Sunday, March 15, 2009

South Korea: North Korea's border-crossing ban "regrettable"

South Korea expressed regret Sunday over North Korea's move to bar border crossings by workers from a joint industrial park in the North.

Pyongyang first closed the border on March 9 after cutting off the only remaining hot line with the South to protest its ongoing military drills with the United States. The North says the exercises are a rehearsal for an invasion. The two Koreas use the hot line to coordinate the passage of people and goods through their heavily fortified border.

The North reopened the border Tuesday but closed it again Friday, stranding hundreds of people working in the Kaesong complex.

The North's move is "very regrettable," Unification Minister Hyun In-taek said at a meeting with South Korean business owners who run factories in the sprawling complex.

South Korea's ruling Grand National Party, meanwhile, urged the North to end the ban.

The two Koreas are still technically at war because their 1950-53 Korean War ended with an armistice, not a peace treaty. Tension on the peninsula has intensified in recent weeks after the North announced plans to launch a satellite, which many regional powers suspect is cover for a test of a long-range missile technology.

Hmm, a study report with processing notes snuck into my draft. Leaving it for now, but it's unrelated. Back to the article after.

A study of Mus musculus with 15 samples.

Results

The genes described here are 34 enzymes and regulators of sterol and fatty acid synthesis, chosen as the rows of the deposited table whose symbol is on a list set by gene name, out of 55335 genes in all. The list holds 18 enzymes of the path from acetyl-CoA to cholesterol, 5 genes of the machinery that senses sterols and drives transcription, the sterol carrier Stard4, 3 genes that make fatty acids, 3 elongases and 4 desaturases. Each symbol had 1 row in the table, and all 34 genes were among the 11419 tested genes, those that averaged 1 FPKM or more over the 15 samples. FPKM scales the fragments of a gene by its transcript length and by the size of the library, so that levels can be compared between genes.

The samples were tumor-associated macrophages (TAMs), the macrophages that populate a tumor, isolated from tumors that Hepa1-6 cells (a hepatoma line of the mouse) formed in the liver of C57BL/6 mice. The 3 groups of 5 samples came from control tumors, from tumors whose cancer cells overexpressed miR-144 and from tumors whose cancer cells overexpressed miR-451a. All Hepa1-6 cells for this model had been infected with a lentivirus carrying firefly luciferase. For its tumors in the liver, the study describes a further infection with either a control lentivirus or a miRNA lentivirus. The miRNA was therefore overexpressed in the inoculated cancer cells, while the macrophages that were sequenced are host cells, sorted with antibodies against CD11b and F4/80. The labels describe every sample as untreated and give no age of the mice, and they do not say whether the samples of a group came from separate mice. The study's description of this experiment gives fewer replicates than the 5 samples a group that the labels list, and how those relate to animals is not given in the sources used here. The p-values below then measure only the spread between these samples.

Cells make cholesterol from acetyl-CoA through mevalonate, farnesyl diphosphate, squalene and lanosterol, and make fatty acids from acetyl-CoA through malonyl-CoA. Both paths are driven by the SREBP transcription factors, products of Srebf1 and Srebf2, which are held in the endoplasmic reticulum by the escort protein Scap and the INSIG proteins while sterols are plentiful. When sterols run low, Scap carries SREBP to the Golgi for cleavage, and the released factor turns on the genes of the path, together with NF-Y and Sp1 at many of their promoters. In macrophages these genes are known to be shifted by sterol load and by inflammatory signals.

The border restrictions have caused jitters among South Korean business owners at the complex.

"I have not decided whether I should build more factories ... as the situation keeps deteriorating," said Yoo Byeong-gi, head of television parts maker BK Electronics.

The complex combines Seoul's technology and management expertise with Pyongyang's cheap labor. It has been a key source of much-needed hard currency for the impoverished North.

More than 100 South Korean factories in Kaesong employ about 38,000 North Korean workers.

Nearly 730 South Koreans were stuck in the Kaesong complex Sunday but they were all believed to be safe, according to Seoul's Unification Ministry.

The North allowed six people — one Australian, three Chinese and two South Koreans — to return to South Korea on Saturday, said ministry spokeswoman Lee Jong-joo.

Meanwhile, North Korean leader Kim Jong Il inspected a military unit and watched its firing exercise, the official Korean Central News Agency said Sunday without specifying when and where.